The Idea: What if my family were to try adopting the techniques in a book dedicated to being clutter-free and put them into action? Could that lead us to clutter-free bliss? It’s something I was willing to try, so a few weeks back we gave it a try. The book? It’s All Too Much by Peter Walsh. And away we go …
Oh, the bathroom. In my tiny house, we have one full bath and one half bath. It’s always struck me as funny that the two are about 20 feet from each other — at best. You’d think it would be easy to keep two small bathrooms neat all the time. But that’s a hard task with four people — including two kids who spill more toothpaste than they use — using them daily.
Decluttering The Bathroom
I decided to start small with an area that’s really just mine — my bathroom. It’s a small half-bath at the front of our house where I have been primping and prepping for the last eight years. While pregnant with Paige, I decided it needed to be purple, and it has been ever since. Though I have contemplated repainting several times, I actually really like the bold color.
However, the room hasn’t always been the sanctuary I imagined. It often becomes a de facto storage area when we need to tuck things away. And sometimes, that totally gets away from us. In fact, from just before Thanksgiving until a few weeks ago, it was overrun with boxes, wrapping paper and other stuff that just needed to be put away. Just before starting this project, I cleared out the room. Decluttering the bathroom was definitely still a very much needed thing though, as the counter and cabinets were overflowing with stuff.
What the book suggested: According to the book, clutter in a bathroom isn’t just an eyesore — it can create a dangerous environment ideal for growing all sorts of grossness like mold. Blech. Furthermore, when decluttering the bathroom it’s important to put away that which you don’t use regularly, toss makeup that’s more than six months old (!!) and also keep only those items you need regularly handy.
What I did: It felt like decluttering the bathroom was an almost impossible task. There was just so much stuff (not just the stuff you can see — the stuff you can’t see too). I cleaned out the vanity, tossing some super old cosmetics (ahem, goodbye to that super fun eyeshadow from college), some beauty products that I haven’t used in forever and some items — like a hair clip that didn’t work well — that I’d held onto because I felt like I should. Once that was done, there was a lot of room in the vanity for my makeup case to be stored behind closed doors. Also, I left out only the few items — contact solution, contact case, hand lotion and makeup remover — that I use every day. I can’t tell you how much more peaceful this makes the whole room feel with the counters no longer crowded with stuff.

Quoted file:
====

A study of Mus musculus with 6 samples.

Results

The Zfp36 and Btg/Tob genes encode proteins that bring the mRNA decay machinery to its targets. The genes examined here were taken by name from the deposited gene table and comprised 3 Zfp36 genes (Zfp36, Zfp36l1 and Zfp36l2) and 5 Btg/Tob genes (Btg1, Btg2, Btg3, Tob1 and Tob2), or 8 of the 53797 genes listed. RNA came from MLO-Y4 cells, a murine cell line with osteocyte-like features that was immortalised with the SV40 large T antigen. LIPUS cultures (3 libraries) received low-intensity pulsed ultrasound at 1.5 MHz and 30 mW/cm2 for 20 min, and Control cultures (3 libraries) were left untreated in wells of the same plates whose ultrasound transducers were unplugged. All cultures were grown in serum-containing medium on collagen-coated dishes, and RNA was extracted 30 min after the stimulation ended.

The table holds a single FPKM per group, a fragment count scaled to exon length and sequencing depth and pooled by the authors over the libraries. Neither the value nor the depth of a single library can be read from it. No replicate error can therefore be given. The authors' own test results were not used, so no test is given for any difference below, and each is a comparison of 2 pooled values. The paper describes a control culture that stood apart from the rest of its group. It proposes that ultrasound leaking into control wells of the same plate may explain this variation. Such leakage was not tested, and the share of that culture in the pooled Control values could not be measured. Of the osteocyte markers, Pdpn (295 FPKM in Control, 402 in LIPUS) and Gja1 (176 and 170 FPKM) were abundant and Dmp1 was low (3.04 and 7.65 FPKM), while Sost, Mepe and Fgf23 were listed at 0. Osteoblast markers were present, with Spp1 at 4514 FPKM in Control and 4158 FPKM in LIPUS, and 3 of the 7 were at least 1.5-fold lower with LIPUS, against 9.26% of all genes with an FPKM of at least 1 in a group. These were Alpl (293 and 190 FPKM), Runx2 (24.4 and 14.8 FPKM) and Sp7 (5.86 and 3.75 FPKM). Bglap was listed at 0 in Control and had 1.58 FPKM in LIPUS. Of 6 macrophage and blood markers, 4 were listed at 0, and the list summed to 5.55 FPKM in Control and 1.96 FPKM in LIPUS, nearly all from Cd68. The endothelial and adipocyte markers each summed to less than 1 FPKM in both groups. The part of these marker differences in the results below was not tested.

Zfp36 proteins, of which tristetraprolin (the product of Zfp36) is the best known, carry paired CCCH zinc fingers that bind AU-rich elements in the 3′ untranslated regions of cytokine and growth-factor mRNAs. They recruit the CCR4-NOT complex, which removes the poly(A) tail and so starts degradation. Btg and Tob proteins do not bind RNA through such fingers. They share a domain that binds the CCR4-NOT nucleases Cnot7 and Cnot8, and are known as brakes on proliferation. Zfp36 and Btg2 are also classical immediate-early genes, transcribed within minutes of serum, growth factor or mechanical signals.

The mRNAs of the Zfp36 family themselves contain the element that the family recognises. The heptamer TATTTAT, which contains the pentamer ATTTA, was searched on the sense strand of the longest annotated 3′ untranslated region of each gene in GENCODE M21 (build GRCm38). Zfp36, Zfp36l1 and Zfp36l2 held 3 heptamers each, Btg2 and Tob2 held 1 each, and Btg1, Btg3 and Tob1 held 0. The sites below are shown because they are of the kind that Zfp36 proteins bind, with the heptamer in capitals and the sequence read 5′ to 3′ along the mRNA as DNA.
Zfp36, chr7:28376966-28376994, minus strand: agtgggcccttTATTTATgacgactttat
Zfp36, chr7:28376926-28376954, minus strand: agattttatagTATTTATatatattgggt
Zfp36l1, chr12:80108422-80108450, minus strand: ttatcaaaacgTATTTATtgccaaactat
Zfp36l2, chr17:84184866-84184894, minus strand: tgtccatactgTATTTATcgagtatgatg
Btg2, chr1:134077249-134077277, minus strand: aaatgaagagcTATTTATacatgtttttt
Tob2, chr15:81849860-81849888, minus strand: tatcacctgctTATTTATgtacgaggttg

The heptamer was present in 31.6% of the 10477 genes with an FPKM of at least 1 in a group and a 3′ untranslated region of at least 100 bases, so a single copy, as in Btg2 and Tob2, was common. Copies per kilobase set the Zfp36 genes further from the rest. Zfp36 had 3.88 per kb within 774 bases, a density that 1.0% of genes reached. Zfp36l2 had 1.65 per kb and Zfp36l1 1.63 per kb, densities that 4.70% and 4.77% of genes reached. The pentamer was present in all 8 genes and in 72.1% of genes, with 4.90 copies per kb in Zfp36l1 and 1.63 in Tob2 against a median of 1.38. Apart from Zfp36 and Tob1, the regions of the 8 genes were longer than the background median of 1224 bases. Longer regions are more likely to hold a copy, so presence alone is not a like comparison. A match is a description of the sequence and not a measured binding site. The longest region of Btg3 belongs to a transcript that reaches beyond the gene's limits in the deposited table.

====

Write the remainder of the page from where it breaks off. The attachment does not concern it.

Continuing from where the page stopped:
Maintaining it: Decluttering the bathroom was the first room I worked on for The Declutter Project. Doing so made a huge difference in the appearance, ease of use and functionality of the bathroom — which made me so happy. I absolutely loved having full access to the room again. And since then (it was about a month ago), I have kept up the decluttered functionality with minimal regular maintenance. Once it was cleaned up, it was a lot easier to keep it that way. But that’s not to say that it’s done. There is a closet in this bathroom that’s still overflowing with things to be gone through and I haven’t done that yet. But seeing how well this worked, I am motivated to do it — so it’s on the list.
Is your bathroom super clean? Or is decluttering the bathroom on your to-do list too?
Sarah Walker Caron is a cookbook author, freelance writer and founder of Sarah’s Cucina Bella. She is the author of several cookbooks including The Super Easy 5-Ingredient Cookbook and One-Pot Pasta, both from Rockridge Press. A single mother to two kids in middle school, Sarah loves nightly family dinners, juicy tomatoes plucked fresh from the vine and lazy days on the beach. She also adores reading and traveling.